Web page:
2015 is a big year for Every Mother Counts as it marks our fifth birthday.
Five years ago, the documentary film, NO WOMAN, NO CRY, was released to address and document maternal health challenges around the world. With an inspired audience eager to become part of a movement to end preventable maternal deaths, Every Mother Counts was born with a goal to further raise awareness, and encourage everyday people to be part of the solutions.
To commemorate our fifth year, Every Mother Counts will be re-visiting and/or highlighting the countries featured in the film — Tanzania, Guatemala, Bangladesh, and United States. In doing so, we will explore the current state of maternal health in these countries, including advancements that have been made, stories from mothers and healthcare providers, and learn about what lies ahead in ensuring that every mother who needs access to maternal health care receives it.
As we enter this fifth year with a commitment to continue our work, we’re heading back to Tanzania, where it all began.
While filming in Tanzania for NO WOMAN, NO CRY, we documented some of the barriers that millions of girls and women living in Sub-Saharan Africa face when trying to access critical maternal healthcare.
We saw first hand that for women living in countries like Tanzania, especially in rural areas, distance was an enormous barrier to reaching healthcare of any kind. In fact, the minimum distance a pregnant woman had to travel on foot for prenatal care was 5 kilometers, with the average distance to reach emergency obstetric care being 35 kilometers, and oftentimes much more.
Because of this, we’re off to Tanzania to visit the Oldonyo Sambu Dispensary and the midwives and mothers featured in NO WOMAN, NO CRY. We will also visit new clinics and providers we will be supporting going forward.
To kick off this return visit, we will be running the Kilimanjaro Half Marathon on March 1 to raise awareness and funds that will break down the distance barrier and allow more women to access the care they need.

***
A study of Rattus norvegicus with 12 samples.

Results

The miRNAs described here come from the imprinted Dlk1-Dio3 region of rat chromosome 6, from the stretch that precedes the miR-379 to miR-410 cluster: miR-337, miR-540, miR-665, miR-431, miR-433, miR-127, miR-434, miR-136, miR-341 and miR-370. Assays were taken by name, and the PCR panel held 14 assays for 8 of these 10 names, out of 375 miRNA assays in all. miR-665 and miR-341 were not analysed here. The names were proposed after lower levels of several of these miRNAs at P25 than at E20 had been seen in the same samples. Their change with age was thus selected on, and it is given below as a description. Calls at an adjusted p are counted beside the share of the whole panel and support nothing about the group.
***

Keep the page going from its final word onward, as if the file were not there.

Learn more about maternal health conditions in Tanzania below, and join us on this journey.
The United Republic of Tanzania is beautiful. Located in the African Great Lakes region in East Africa, it’s home to the Serengeti National Park, the Ngorongoro Crater and Wildlife Conservation Area, Mt. Kilimanjaro, a live volcano, and miles of beaches. It’s one of the world’s poorest economies in terms of per capita income, but among the fastest growing economies due to increased gold production and tourism. Almost 50 million people live in Tanzania and approximately 75 to 80 percent of them work in agriculture, farming, herding and producing, among other commodities, coffee, tea, cotton, pyrethrum (an insecticide made from chrysanthemums), cashews, tobacco, cattle, sheep, and goats. It’s a young population with a median age of only 17 years old. Education is provided for free for Tanzania children who can access it and approximately 75% of Tanzanian boys and 60% of girls over the age of 15 can read and write in Kiswahili (Swahili), their national language, or in English or Arabic.
Tanzanians face significant health challenges including high HIV/AIDS rates. Because approximately 88 percent of the population lack access to improved sanitation facilities and only about half have improved water facilities, they suffer high rates of water born illnesses like bacterial diarrhea, Hepatitis A and Typhoid fever. They also deal with high rates of malaria and because so many citizens live in poverty, high rates of malnutrition.
Maternal Health Challenges
There have been some maternal health improvements since we filmed NWNC in Tanzania but it remains one of the most dangerous places on earth for a woman to become a mother. To date, it’s estimated that 454 maternal deaths occur for every 100,000 live births. The average age for a woman to become a first-time mother is 19 years old, and she’ll probably go on to have five children. The odds that she’ll have a child die in infancy are high considering about 44 infants die for every 1000 live births. Contraception use stands at about 34 percent, in large part because women either can’t reach healthcare facilities, can’t afford it, aren’t allowed to use it by their husbands or families or, they don’t know enough about it.
There has been some success in improving health facilities and training for traditional birth attendants, midwives and doctors, yet in most regions of Tanzania, there’s only one doctor for every 100,000 citizens. There are very few well-equipped healthcare facilities and many are inaccessible for rural women. With no access to transportation, poor roads and severely limited resources, almost half of Tanzanian mothers deliver at home and only 46 percent are assisted by a trained attendant, midwife or doctor.
The leading causes of maternal health complications and death are hemorrhage, infection, prolonged and obstructed labor, preeclampsia and high blood pressure and unsafe abortions. Other deaths are related to issues we mentioned above, like HIV/AIDS, malnutrition and malaria, which weaken women’s bodies to the point where pregnancy can be dangerous.